After completing a refresher course on handling Hazardous Materials (Hazmat training) with a component addressing the Ebola outbreak, Battalion Chief Jim Roger said Londonderry firefighters are prepared to care for infected patients and contain contagion.
“We’re hopeful it won’t be needed, but we don’t want to be caught unprepared,” Roger said of the eight-hour training sessions held last week, which included a classroom component where firefighters learned the right questions to ask when screening patients for the Ebola Virus, and drills where firefighters practiced suiting up in their Hazmat gear and proper methods for decontaminating.
Londonderry fire personnel – including battalion chiefs, lieutenants, paramedics and firefighters – complete the Hazmat refresher annually, covering a variety of situations where they may come into contact with hazardous materials. Training, which covers illicit drug laboratories, weapons of mass destruction, and transporting hazardous materials in industrial areas, also frequently addresses concerns of particular interest at the time the refresher is conducted.
This year’s training just happened to coincide with the Ebola outbreak, which offered a valuable opportunity for the department to focus in on what their response to such a call would entail.
For example, in one scenario, firefighters learned they had blood on their suit that was possibly contaminated with Ebola. They were then instructed to decontaminate and remove their suits properly to prevent the spread of contagion, using decontamination kits the Fire Department purchased in response to the crisis.
Firefighters were also instructed to protect respiratory systems by placing a mask over the face of any patient who may be suffering symptoms of Ebola – fever, headache, joint and muscle aches, weakness, fatigue, diarrhea, vomiting, stomach pain and lack of appetite, and in some cases, bleeding.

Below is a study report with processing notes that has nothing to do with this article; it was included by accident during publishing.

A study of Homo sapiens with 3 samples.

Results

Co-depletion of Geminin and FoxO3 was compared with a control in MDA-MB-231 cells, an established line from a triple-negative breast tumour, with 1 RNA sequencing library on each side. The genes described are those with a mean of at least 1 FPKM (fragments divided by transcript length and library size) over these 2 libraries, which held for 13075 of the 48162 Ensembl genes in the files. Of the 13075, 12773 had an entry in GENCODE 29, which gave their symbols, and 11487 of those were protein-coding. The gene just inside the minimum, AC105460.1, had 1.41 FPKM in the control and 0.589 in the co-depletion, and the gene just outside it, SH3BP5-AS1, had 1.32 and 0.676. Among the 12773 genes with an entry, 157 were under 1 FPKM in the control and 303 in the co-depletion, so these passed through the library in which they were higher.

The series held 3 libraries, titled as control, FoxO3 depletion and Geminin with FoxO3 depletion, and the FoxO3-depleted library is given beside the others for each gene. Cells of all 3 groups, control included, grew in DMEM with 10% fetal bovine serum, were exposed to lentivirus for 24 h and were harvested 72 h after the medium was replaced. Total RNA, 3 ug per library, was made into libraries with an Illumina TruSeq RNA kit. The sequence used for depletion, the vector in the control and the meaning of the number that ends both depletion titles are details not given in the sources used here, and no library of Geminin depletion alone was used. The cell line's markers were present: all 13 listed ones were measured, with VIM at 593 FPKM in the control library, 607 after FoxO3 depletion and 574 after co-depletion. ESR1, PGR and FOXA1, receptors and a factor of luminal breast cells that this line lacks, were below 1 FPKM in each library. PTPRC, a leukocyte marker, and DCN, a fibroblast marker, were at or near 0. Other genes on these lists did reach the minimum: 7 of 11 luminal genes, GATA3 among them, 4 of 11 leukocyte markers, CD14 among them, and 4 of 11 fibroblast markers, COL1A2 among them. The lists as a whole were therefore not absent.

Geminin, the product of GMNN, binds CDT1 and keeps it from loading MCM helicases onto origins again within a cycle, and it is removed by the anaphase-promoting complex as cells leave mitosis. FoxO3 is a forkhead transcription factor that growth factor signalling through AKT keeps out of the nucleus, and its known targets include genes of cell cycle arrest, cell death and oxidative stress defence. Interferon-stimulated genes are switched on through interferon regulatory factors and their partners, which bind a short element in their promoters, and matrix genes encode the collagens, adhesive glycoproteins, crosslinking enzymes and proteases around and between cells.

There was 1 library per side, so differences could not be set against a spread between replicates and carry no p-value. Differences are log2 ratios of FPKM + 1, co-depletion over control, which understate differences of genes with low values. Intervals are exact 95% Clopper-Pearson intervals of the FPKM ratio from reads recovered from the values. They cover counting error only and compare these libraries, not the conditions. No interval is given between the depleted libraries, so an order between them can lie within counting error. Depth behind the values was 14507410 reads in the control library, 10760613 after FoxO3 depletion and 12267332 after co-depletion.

The decontamination kits and disposable suits, which cost about $1,000, will ensure the department is ready to address a situation where Ebola is suspected to be present, such as an airplane that lands and appears to be carrying infected patients.
Every ambulance in Londonderry is equipped with Hazmat gear, and Rescue 1 carries Hazmat suits and decontamination equipment. Rescue 1 would be deployed to scenes where there is a heightened sense of danger, such as a plane where several passengers screened show signs of being infected with the Ebola Virus.
“I ordered the extra equipment fearing if the Ebola crisis gets worse and we didn’t get the equipment quickly we may not get it,” said Roger, who has served as Hazmat Team Leader for about 16 years.
In an effort to ensure an effective response in a situation where there is concern a passenger is infected with Ebola, Roger said the Manchester Airport Fire Chief “has been communicating and cooperating with myself, Fire Chief (Darren O’Brien) and Town Manager Kevin Smith to work out a plan.
Fire personnel responded to the Manchester Airport earlier this month after learning an airplane passenger was experiencing flu-like symptoms.
Roger said the incident was handled well and responders placed a mask over the man’s face and transported him to the hospital for a screening, by which it was determined he was experiencing gastrointestinal problems unrelated to the Ebola Virus.
“By doing these classes already every year, we found we’re already ahead of the curve,” said Roger, noting this year’s Ebola-focused training “made our firefighters feel more prepared and well protected.”